By Bobby Tanzilo Senior Editor/Writer Published Feb 24, 2017 at 10:30 AM

On Thursday night, the Milwaukee Board of School Directors passed a district-wide Milwaukee Public Schools uniform policy.

While some folks believe that uniforms help build community and can have a beneficial effect on academics, others see them as forced conformity and erasing individuality. Research provides mixed data on the benefits of uniforms.

Supporters say uniforms help prevent attire-related bullying, but opponents argue that administrators and teachers should deal with the bullying itself rather than removing the surface cause and ignoring the underlying attitudes that lead to bullying.

Some might argue that the policy is a "fix" for a problem that doesn’t exist, because MPS schools already have dress codes and, even more importantly, have a mechanism for adopting a uniform policy.

In fact, 51 district schools – nearly a third – have already adopted uniforms (tick the box "uniforms" here to see a list). But this new policy is a blanket approach that now requires schools to opt out, rather than opt in.

Here is what you need to know about the new MPS "Uniforms and Student Dress Code" policy.

  1. The policy goes into effect at the start of the 2017-18 school year.
  2. The policy applies to all MPS schools.
  3. The policy does not apply to summer school and the new, so-called "J-Term" summer credit recovery program.
  4. The policy underwent a number of changes, which you can see in this document, which scores out an earlier draft.
  5. The policy imposes "Basic Uniform Guidelines," which can be read here. Those directives include things like "Full-length pants, cropped pants, cargo pants and straight-legged capri pants are permitted. Denim jeans, pedal pushers and bell bottoms are not permitted."
  6. Schools will "design" their own uniforms based on these guidelines.
  7. School principals are charged with finding the lowest-cost uniforms for their schools.
  8. Economically disadvantaged students will get financial help to buy uniforms.
  9. Parents will be informed of each school’s uniform policy at least three months before the first day of school (Sept. 5, 2017 for traditional calendar schools).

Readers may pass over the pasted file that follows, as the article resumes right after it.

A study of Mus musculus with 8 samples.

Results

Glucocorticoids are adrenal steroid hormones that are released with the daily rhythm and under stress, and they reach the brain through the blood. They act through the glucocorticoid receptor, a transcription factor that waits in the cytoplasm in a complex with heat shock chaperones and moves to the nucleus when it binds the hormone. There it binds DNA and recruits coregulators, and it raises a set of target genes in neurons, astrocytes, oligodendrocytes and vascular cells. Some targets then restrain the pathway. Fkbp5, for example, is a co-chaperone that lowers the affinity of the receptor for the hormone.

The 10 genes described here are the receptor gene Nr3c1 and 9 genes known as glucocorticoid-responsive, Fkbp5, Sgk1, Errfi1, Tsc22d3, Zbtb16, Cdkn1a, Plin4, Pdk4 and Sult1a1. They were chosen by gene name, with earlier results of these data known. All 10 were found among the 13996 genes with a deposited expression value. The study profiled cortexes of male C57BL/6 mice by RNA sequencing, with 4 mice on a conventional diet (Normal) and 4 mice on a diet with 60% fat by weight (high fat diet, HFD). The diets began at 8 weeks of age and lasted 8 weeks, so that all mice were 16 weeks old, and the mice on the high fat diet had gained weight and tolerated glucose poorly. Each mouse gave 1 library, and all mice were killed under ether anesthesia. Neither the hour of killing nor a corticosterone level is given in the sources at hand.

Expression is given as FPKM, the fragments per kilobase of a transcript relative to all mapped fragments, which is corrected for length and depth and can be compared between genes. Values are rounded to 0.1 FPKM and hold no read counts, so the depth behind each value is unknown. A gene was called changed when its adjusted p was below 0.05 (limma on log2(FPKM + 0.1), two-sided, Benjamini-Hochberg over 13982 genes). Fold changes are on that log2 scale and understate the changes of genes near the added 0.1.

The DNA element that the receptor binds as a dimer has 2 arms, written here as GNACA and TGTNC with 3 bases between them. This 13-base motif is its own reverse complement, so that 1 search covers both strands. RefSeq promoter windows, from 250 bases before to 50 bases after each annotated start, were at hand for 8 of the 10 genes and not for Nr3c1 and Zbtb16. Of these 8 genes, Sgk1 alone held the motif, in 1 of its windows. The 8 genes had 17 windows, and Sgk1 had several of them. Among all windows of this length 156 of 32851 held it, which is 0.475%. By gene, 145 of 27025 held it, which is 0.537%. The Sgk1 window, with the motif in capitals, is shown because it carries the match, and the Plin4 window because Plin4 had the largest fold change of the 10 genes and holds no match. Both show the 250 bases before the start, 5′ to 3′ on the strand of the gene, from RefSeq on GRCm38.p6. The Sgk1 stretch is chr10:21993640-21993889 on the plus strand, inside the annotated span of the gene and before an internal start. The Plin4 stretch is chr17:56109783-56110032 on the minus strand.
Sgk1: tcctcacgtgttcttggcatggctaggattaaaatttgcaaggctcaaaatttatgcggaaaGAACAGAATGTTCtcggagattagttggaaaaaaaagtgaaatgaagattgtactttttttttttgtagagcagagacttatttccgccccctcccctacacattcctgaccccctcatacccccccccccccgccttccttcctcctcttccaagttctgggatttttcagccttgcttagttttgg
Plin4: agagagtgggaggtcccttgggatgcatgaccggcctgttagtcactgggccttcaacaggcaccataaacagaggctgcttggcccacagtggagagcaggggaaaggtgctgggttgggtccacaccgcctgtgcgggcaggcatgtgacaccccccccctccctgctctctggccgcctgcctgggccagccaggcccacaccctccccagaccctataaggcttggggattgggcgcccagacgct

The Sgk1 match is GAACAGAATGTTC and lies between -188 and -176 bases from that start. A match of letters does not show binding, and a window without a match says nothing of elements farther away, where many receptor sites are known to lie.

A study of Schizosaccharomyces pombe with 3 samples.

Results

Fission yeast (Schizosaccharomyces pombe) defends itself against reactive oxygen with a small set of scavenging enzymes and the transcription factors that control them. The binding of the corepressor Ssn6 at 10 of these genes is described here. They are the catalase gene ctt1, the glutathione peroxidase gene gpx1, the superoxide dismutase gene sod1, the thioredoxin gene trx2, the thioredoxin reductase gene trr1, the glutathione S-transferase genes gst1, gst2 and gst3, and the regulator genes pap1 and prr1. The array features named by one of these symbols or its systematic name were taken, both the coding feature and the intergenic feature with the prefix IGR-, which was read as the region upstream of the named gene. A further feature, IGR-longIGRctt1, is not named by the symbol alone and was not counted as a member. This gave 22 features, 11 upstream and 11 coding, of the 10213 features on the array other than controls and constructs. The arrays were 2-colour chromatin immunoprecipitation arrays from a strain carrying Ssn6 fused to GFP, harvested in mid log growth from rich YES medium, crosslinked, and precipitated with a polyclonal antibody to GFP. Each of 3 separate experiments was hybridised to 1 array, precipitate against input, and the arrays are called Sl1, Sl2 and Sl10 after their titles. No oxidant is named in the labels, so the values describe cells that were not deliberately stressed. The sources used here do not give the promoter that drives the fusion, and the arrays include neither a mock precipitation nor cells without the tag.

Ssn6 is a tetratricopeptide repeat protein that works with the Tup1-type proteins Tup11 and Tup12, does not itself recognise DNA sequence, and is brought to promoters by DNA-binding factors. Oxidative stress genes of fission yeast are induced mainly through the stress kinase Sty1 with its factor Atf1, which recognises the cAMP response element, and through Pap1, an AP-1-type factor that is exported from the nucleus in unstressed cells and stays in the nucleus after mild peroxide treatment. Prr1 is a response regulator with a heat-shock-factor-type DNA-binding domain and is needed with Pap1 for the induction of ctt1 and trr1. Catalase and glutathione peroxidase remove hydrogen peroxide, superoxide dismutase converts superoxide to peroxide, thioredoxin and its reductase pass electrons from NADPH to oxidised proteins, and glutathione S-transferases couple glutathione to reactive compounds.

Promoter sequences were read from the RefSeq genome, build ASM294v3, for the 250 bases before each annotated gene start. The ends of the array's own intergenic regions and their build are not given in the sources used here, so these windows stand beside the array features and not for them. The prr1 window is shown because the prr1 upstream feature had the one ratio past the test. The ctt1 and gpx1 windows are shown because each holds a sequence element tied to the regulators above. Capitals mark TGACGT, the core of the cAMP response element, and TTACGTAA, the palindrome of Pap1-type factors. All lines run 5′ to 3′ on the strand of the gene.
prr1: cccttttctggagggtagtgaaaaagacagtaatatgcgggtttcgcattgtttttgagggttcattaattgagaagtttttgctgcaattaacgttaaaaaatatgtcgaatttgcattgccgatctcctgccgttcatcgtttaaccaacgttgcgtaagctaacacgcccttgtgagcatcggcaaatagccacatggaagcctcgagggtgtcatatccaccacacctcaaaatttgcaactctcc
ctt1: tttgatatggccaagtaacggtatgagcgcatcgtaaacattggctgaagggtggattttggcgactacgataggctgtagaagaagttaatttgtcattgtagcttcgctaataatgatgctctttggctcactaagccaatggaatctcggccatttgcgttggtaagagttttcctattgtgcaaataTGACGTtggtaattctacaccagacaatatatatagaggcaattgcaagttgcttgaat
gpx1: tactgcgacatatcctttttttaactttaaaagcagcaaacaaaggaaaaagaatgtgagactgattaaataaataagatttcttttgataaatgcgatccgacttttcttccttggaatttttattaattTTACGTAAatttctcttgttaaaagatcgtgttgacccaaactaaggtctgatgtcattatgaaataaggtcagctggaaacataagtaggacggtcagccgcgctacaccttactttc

10. Schools may opt out of the uniform policy if at least 66 percent of the school community opposes it.
  11. Schools have until April 1 to opt out for the upcoming school year.
  12. Parents and guardians may exempt their child from the policy without penalty of any kind.
  13. Speaking of penalties, there are none for non-compliance: "The school and its staff shall ensure that no student is penalized academically or otherwise discriminated against because the student’s parent or guardian has chosen to exempt the student from complying with the uniform policy. Likewise, violation of the school uniform policy shall not affect a student’s academic or conduct grade or participation in extra-curricular activities."

Considering numbers 10-13 above, the policy feels like it's no real policy at all. So, why do it? Simple: market share.

There is a perception among many parents – misguided, as you can see here – that voucher (and some charter) schools, which typically require uniforms – outperform public schools, and they therefore associate uniforms with success.

With the expansion of voucher programs and charter schools in Milwaukee, there is more and more pressure on public schools for funding. Because of the per-pupil method of funding Wisconsin schools, the district must work harder than ever to keep kids enrolled in, and bring kids back to, MPS.

As much as we think per-pupil funding means that the money for each student is to educate that student, the reality is that the funding for each pupil combines to create an economy of scale that allows the system to work.

Therefore, if uniforms can help the bottom line and at the same time make improvements in some individual schools' cultures in terms of building community and reducing bullying, they'll be seen as a success.

Bobby Tanzilo Senior Editor/Writer

Born in Brooklyn, N.Y., where he lived until he was 17, Bobby received his BA-Mass Communications from UWM in 1989 and has lived in Walker's Point, Bay View, Enderis Park, South Milwaukee and on the East Side.

He has published three non-fiction books in Italy – including one about an event in Milwaukee history, which was published in the U.S. in autumn 2010. Four more books, all about Milwaukee, have been published by The History Press.

With his most recent band, The Yell Leaders, Bobby released four LPs and had a songs featured in episodes of TV's "Party of Five" and "Dawson's Creek," and films in Japan, South America and the U.S. The Yell Leaders were named the best unsigned band in their region by VH-1 as part of its Rock Across America 1998 Tour. Most recently, the band contributed tracks to a UK vinyl/CD tribute to the Redskins and collaborated on a track with Italian novelist Enrico Remmert.

He's produced three installments of the "OMCD" series of local music compilations for and in 2007 produced a CD of Italian music and poetry.

In 2005, he was awarded the City of Asti's (Italy) Journalism Prize for his work focusing on that area. He has also won awards from the Milwaukee Press Club.

He can be heard weekly on 88Nine Radio Milwaukee talking about his "Urban Spelunking" series of stories.